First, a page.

KNOXVILLE, Tenn. (WATE) — A musician who recently discovered his family’s history in the Smokies is sharing a new song inspired by Mingus Mill and the people who lived there.

The song, by Eric Mingus, will be performed in the Smokies during an unveiled ceremony for two new signs in Great Smoky Mountains National Park. The signs are a part of the park’s effort to share more about African American experiences in the Smokies.

The new signs, also called wayside, will be at Mingus Mill. One tells the story of the nearby Enloe Slave Cemetery, where several African Americans are interred and the other tells the story of legendary jazz bassist Charles Mingus, Jr., and his family. The signs will be unveiled on Tuesday, May 23 at 10:30 a.m.

According to the park, Eric Mingus, Charles’s son, recently re-connected with his family’s history through the African American Experiences in the Smokies project. He is descended from Daniel Mingus, a formerly enslaved carpenter, and Clarinda Mingus, the daughter of Daniel’s enslaver.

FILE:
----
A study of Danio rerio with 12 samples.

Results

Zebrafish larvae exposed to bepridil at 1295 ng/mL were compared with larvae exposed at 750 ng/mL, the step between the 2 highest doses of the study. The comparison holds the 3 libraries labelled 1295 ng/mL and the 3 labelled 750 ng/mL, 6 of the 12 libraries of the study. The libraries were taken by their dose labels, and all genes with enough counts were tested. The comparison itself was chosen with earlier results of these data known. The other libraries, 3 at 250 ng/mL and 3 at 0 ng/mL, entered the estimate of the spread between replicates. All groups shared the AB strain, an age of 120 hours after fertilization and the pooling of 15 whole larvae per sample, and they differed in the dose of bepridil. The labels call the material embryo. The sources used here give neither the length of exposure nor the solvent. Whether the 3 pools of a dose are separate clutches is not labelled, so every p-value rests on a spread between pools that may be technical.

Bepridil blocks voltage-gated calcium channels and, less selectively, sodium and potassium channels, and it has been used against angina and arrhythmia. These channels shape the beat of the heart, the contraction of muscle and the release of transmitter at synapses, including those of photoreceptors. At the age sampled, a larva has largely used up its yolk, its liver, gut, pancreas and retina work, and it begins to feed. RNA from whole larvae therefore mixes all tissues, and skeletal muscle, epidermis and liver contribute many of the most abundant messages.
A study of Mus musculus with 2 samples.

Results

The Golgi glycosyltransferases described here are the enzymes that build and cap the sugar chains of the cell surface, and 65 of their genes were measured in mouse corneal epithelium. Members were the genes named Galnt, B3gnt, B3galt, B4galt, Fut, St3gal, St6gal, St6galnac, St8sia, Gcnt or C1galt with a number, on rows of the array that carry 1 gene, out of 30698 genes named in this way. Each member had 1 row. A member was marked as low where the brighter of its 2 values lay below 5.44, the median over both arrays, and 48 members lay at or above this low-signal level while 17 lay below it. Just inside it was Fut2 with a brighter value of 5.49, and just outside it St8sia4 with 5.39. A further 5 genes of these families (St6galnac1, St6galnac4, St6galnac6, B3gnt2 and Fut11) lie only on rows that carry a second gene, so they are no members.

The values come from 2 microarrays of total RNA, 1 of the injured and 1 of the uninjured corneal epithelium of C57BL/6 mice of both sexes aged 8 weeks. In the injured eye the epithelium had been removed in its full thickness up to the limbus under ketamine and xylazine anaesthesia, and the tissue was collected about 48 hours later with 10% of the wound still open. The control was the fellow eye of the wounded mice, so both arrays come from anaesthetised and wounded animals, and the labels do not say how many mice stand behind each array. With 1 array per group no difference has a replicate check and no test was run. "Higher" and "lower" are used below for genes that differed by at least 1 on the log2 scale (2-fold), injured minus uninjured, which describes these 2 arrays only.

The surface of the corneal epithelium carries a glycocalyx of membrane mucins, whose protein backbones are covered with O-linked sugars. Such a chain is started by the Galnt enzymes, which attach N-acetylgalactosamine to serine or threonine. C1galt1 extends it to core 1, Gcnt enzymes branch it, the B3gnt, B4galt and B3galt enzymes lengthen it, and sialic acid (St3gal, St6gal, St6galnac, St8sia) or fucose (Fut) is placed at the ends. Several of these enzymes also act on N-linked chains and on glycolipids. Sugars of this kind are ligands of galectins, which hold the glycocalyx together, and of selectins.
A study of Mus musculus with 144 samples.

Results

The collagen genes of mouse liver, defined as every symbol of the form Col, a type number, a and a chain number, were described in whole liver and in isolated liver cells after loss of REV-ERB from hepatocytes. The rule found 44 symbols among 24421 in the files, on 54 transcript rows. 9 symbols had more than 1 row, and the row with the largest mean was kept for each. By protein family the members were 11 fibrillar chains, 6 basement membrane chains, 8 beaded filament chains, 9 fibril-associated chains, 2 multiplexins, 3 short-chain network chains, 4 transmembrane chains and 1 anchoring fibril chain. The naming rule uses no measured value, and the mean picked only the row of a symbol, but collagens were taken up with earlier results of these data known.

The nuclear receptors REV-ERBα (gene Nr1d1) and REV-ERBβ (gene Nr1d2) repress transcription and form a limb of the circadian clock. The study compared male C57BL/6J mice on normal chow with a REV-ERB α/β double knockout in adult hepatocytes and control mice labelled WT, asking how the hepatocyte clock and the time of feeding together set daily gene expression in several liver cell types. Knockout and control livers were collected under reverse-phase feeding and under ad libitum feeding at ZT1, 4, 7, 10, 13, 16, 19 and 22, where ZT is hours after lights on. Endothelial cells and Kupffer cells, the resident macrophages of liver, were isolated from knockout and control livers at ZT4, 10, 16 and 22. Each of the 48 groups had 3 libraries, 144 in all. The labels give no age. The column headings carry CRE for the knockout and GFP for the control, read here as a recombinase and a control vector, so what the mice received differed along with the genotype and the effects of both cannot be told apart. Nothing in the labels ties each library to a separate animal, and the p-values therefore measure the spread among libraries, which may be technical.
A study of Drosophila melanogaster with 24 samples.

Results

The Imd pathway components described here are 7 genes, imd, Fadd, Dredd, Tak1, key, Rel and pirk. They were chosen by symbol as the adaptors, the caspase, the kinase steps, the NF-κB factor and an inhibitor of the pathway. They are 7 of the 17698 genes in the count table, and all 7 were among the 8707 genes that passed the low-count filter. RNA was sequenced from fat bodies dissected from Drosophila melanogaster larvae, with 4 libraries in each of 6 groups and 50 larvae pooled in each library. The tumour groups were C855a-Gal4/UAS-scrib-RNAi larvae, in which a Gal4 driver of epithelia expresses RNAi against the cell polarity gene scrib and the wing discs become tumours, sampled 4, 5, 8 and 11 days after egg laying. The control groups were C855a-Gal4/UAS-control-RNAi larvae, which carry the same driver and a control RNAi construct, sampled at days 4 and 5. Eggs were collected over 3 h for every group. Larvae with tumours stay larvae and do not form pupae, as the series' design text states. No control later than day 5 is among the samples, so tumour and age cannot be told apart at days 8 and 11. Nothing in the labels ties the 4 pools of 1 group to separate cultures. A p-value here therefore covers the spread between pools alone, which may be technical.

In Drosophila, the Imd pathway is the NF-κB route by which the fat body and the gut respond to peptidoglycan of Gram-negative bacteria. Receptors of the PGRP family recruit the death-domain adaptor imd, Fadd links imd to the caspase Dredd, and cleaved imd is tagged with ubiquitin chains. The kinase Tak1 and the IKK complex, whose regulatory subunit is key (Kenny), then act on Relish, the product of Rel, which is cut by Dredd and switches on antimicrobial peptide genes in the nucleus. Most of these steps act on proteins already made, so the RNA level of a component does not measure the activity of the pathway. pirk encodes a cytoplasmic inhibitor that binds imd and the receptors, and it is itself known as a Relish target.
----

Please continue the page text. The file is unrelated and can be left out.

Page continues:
“The new signs and the African American Experiences in the Smokies project are so important to tell the untold stories of Black people in the region,” said Superintendent Cassius Cash. “And we are honored to have Eric Mingus perform a new musical piece that connects with his own ancestors who lived here. His performance will also introduce and invite new audiences to explore the African American journey in Great Smoky Mountains National Park.”

Cash, Eric Mingus and others will share brief remarks starting at 10:30 a.m. near the Mingus Creek trailhead. Eric Mingus’s performance will begin at 10:50 a.m. Following this, Park Ranger Antoine Fletcher will lead a walking tour of the Enloe Slave Cemetery.

The African American Experiences in the Smokies works to document and share the untold stories of African Americans in and outside the Smokies. The Friends of the Smokies and Great Smoky Mountains Association help fund the research into the historic presence and influence of African Americans in the southern Appalachian Mountains.

These two signs are part of five news signs being added to the park. The other signs will be at the Tremont Institute Center, Newfound Gap and Elkmont.